We’ve had our adopted dog, Allie, for three years now. She’s a chow/collie mix with an enormous amount of fur–especially in the summer for some strange reason. The vet says her shedding cycle is just off; so, she’s a ball of fluff in the summer and more sleek in the winter. My husband and I have always loved her “look” and, unfortunately, I have been selfish about that when considering her comfort in the Mississippi heat. We have not cut her fur coat in the summer because she is such a pretty dog and we would lose that “unique” quality if we gave her a snip.
As everyone knows, this year has been particularly hot and it started so much earlier–we had days in the high 80s in March. It took a lot of convincing from my husband and our neighbors, but I finally gave in. On July 2, I took Allie to the groomer. I gave what I thought were clear instructions as to how she was to be trimmed. When I picked her up later that day, it took all I had not to cry as I realized my instructions must have fallen on deaf ears. Allie did not look at all like our beloved dog. She was no longer fluffy and she had colors and rings of fur around her neck that we didn’t even know were there. Everyone was amazed. My husband even told some of our friends that we had traded Allie in for another dog.
I didn’t handle it well and now I am ashamed of myself. Allie is still Allie. She greeted me at the groomer with her usual excitement. She’s wanted her three times daily walks and her treats just as always. She’s slept on the floor on my husband’s side of the bed just like before. She came into my office and laid at my feet while it thundered. She has wanted to visit her friend dog down the street everyday. And she talks to me all the time–if only I could comprehend what she is saying! She just looks so different! She is, however, so much more comfortable and cooler. How do I know? She’s spent hours on the front porch guarding me during the day rather than being stretched out on the cool ceramic tile floor in the kitchen and it’s been in the 100s. She didn’t hide in embarrassment as I have heard some dogs do after their grooming. She is a much more content dog.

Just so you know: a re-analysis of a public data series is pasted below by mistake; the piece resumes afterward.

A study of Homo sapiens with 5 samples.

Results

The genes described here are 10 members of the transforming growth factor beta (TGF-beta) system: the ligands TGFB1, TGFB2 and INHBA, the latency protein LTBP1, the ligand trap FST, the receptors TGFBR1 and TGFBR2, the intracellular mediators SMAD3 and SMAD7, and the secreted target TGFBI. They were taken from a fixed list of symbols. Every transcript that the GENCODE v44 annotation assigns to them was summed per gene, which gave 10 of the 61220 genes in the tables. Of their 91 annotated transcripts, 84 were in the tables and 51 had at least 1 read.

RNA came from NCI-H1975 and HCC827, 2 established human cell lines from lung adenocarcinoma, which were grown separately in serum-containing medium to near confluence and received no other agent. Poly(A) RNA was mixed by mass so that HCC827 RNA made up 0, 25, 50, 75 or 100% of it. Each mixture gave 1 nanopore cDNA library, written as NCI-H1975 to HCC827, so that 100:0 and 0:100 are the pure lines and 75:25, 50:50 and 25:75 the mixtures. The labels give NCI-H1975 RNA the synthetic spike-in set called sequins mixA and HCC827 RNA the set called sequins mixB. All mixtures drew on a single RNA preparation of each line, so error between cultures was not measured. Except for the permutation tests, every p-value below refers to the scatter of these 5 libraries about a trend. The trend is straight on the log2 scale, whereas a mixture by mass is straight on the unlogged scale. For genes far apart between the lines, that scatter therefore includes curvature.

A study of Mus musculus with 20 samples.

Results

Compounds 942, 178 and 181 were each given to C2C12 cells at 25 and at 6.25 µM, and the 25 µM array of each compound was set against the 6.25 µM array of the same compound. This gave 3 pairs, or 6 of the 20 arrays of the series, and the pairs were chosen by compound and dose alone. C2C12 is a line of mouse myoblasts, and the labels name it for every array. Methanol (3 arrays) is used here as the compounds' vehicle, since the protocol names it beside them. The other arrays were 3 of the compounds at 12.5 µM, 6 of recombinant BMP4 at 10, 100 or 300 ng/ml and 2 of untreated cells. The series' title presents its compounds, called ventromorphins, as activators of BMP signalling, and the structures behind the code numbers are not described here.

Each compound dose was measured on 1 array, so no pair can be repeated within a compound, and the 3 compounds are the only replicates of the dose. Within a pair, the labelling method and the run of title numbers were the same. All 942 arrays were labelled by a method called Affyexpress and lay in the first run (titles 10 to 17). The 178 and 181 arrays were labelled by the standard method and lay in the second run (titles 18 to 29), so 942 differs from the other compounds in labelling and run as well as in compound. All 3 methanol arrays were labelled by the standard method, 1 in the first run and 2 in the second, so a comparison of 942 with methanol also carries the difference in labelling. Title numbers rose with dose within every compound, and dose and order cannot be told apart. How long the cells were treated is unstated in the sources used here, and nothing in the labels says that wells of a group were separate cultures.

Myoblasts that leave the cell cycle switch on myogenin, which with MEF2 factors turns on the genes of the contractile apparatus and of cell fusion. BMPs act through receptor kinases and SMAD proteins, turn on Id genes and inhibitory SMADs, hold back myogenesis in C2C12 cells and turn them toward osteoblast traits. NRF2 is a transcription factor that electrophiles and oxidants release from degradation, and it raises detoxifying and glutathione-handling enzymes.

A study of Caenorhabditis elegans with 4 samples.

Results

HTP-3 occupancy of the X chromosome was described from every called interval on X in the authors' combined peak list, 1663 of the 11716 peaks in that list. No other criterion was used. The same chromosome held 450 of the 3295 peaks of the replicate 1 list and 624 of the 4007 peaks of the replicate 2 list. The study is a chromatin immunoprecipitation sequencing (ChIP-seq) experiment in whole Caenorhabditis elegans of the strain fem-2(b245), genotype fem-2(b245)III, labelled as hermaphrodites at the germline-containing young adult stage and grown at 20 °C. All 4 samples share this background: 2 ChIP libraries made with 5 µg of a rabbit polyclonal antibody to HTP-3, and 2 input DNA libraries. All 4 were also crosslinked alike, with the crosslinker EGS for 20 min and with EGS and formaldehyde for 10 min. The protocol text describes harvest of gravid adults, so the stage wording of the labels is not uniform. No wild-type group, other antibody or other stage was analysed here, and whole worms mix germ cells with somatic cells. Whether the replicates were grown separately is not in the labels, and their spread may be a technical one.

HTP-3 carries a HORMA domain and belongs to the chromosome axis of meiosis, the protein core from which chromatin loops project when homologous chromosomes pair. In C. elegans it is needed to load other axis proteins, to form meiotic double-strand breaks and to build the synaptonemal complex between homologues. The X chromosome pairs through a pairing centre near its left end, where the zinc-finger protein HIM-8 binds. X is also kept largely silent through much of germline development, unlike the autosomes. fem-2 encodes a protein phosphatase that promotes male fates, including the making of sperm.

Today, finally, the lesson surfaced (she teaches me so many things). We, as people, judge so much by the outside cover. We dislike people because of the way they look–their hair color, their weight, their tattoos, or the way they are dressed. We think our spouses no longer love us because we’ve gained a few pounds, have gray hair, or have no hair.
As parents, we don’t love our children less because of the way they look or because of the way they change as they grow older (or just change themselves for whatever reason). A change in appearance is not a change in the person–or the dog. They are the same people and same dog that we have always loved and who love us.
This week, I’ve been a “bad” mama because I have judged my poor little Allie because she didn’t look like my baby girl. I have accepted her new look and love her as much as always. I am so thankful that my husband, mother, brothers, nieces, nephews, and friends have not rejected me because of changes in my appearance over the years. I have learned my lesson–Allie is, after all, still the same dog.